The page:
Independent watchdog questions Amber Rudd’s plans to jail viewers of online terror content
Image credit: Press Association
Max Hill, the Independent Reviewer of Terrorism Legislation, has questioned the Home Secretary's proposal to jail people who view online terror content, asking: “Are two clicks on a link one too many, or will three clicks be required?”
The UK’s anti-terror watchdog has raised concern over plans announced by UK Home Secretary Amber Rudd to impose jail terms of up to 15 years on people who repeatedly view terrorist content on the internet.
Max Hill, a leading QC who is the UK’s current Independent Reviewer of Terrorism Legislation, warned lawyers would have to “wait and see what the words ‘repeatedly view’ actually mean”.
He also said there would have to be “very careful work” carried out among legislators to stop innocent people being caught up in the offence.
Hill asked an audience comprised of lawyers and members of the human rights group Justice: “Are two clicks on a link one too many, or will three clicks be required? Can an internet user be innocently curious twice, but not three times?”
Home Secretary Amber Rudd said earlier this month that the government wants to introduce a change in the law that would mean people who repeatedly view terrorist content online could face up to 15 years behind bars.
This would strengthen the existing offence of possessing information likely to be useful to a terrorist so that it “applies to material that is viewed repeatedly or streamed online”, Rudd said.
Delivering the Tom Sargant Memorial Lecture at the central London offices of a multinational law firm last night, Hill stressed that he welcomed the government’s insistence that the updated offence would not criminalise those who merely clicked on a link by mistake or who did so “out of curiosity rather than with criminal intent”.
However, he also sounded a note of caution, saying that “in addition to safeguarding the curious from prosecution, we must surely be vigilant to ensure that those who view material in disgust, shock and disapproval do not find themselves on the wrong side of the law”.
Prime Minister Theresa May declared “enough is enough” this year following a spate of terror atrocities in England. Senior figures in government have vowed to crackdown on the way in which the internet is exploited by groups like Isis to spread propaganda and groom potential jihadists.
However, Hill last night argued “thought without action” must not be criminalised and said it was important that the fight against terrorism should not lead to fundamental freedoms being undermined.
“Whilst we can all agree that there should be nowhere for real terrorists to hide, we should also agree that legislating in the name of terrorism when the targeted activity is not actually terrorism would be quite wrong,” he said.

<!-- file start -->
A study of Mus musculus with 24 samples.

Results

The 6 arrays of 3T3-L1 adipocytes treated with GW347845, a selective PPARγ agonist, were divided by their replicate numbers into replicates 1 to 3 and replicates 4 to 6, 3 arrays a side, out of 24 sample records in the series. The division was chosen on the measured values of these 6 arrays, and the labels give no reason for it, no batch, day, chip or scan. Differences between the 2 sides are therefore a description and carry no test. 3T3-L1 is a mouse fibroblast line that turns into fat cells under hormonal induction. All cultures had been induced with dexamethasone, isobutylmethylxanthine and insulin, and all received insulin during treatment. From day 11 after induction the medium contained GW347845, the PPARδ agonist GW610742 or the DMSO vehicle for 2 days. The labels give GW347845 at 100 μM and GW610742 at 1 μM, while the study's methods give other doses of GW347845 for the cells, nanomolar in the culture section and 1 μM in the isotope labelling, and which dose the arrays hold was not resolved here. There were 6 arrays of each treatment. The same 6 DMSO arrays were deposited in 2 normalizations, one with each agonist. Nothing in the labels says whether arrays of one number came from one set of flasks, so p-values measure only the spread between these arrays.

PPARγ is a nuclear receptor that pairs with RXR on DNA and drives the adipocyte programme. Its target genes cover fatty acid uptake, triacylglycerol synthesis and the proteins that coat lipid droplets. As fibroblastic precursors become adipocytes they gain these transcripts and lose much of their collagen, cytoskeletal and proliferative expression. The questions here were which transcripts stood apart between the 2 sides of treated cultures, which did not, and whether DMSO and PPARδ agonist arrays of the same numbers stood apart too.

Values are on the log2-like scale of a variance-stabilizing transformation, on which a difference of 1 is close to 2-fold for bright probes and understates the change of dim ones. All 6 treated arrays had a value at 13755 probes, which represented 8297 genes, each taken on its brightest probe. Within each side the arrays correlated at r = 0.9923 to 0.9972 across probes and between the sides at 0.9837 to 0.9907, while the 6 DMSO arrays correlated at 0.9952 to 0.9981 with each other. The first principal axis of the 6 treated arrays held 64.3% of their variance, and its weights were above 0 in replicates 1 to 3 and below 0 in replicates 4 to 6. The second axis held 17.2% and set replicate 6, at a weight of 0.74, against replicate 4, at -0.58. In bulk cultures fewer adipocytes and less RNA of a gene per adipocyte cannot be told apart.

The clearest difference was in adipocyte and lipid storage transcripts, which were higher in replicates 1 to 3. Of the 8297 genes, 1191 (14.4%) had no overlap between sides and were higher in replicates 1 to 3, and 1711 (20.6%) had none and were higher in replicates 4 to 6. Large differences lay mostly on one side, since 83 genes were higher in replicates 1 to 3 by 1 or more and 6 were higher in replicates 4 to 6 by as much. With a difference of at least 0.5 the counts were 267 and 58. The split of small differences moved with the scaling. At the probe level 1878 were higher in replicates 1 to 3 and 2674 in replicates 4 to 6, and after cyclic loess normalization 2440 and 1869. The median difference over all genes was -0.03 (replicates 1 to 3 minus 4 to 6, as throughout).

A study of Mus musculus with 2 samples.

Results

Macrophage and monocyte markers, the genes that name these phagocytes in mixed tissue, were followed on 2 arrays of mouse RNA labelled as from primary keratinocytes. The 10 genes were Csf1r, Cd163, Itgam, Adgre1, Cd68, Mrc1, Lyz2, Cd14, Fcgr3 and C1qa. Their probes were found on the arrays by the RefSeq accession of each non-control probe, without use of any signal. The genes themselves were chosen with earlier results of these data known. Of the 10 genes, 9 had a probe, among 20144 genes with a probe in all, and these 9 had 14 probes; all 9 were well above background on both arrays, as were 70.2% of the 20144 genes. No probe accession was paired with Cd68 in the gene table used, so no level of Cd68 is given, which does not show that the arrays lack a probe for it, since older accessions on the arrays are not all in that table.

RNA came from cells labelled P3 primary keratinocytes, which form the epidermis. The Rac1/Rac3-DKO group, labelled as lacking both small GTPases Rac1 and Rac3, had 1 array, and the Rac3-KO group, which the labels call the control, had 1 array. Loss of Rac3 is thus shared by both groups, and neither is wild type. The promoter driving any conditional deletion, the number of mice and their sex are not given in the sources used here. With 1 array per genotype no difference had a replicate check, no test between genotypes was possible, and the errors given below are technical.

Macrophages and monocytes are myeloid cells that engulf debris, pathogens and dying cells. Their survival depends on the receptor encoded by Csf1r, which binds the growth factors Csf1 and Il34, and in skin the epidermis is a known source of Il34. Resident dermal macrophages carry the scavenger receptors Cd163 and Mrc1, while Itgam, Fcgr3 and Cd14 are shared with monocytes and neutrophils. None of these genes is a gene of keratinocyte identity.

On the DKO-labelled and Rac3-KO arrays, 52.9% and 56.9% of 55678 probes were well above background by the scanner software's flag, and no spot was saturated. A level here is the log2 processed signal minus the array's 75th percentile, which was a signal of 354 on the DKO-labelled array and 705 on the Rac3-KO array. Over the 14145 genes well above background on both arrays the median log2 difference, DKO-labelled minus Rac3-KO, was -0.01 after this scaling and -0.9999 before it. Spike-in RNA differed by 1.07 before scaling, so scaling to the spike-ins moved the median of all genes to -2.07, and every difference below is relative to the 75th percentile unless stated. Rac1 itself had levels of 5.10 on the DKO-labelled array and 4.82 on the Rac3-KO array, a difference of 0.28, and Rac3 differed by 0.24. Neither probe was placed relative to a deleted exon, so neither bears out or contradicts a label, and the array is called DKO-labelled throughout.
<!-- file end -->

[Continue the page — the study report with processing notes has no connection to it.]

A No 10 spokeswoman said: “As we have seen painfully in the UK this year, we face an unpredictable threat from terrorism. We have to tackle the ideologies that drive or inspire these kinds of attacks.
“That is why we are doing things like establishing a new commission on countering extremism to help expose all forms of extremism and division and to challenge those who preach hate.
“What we want to do is to send a clear message that we will not tolerate terrorism, those who help radicalise terrorists with their extremist views, or those who turn a blind eye to terrorist activity.”
Hill has previously sparked debate among technologists by suggesting big internet companies should seek to combat the spread of terrorist propaganda online by ending the encryption of anonymous messages.
In an interview with the Evening Standard earlier this year, he said the aim would be for “verification” checks to be made in “nano-seconds” before allowing users access to the secrecy software used by the likes of WhatsApp and Telegram.
Speaking to E&T this month, police chief Mike Barton, one of the UK’s most senior law enforcement officers, compared enthusiasts for end-to-end encryption to the gun lobby in America.
He said: “They say it’s a human rights issue. My argument is it’s a human rights issue for people to be able to go to a concert and to go home alive.”
Professor John Walker, an expert in digital forensics, said technology companies were not justified in allowing people to protect their communications using end-to-end encryption provided by apps intended for mere chats between friends.
Rudd has been pilloried for suggesting “real people” do not need this type of secrecy for their communications.
Asked if he thought people needed military-strength encryption for their day-to-day communications, Walker told E&T: “They don’t.”
He added: “I think they’ve been caught up in the mystique of their own self-importance.”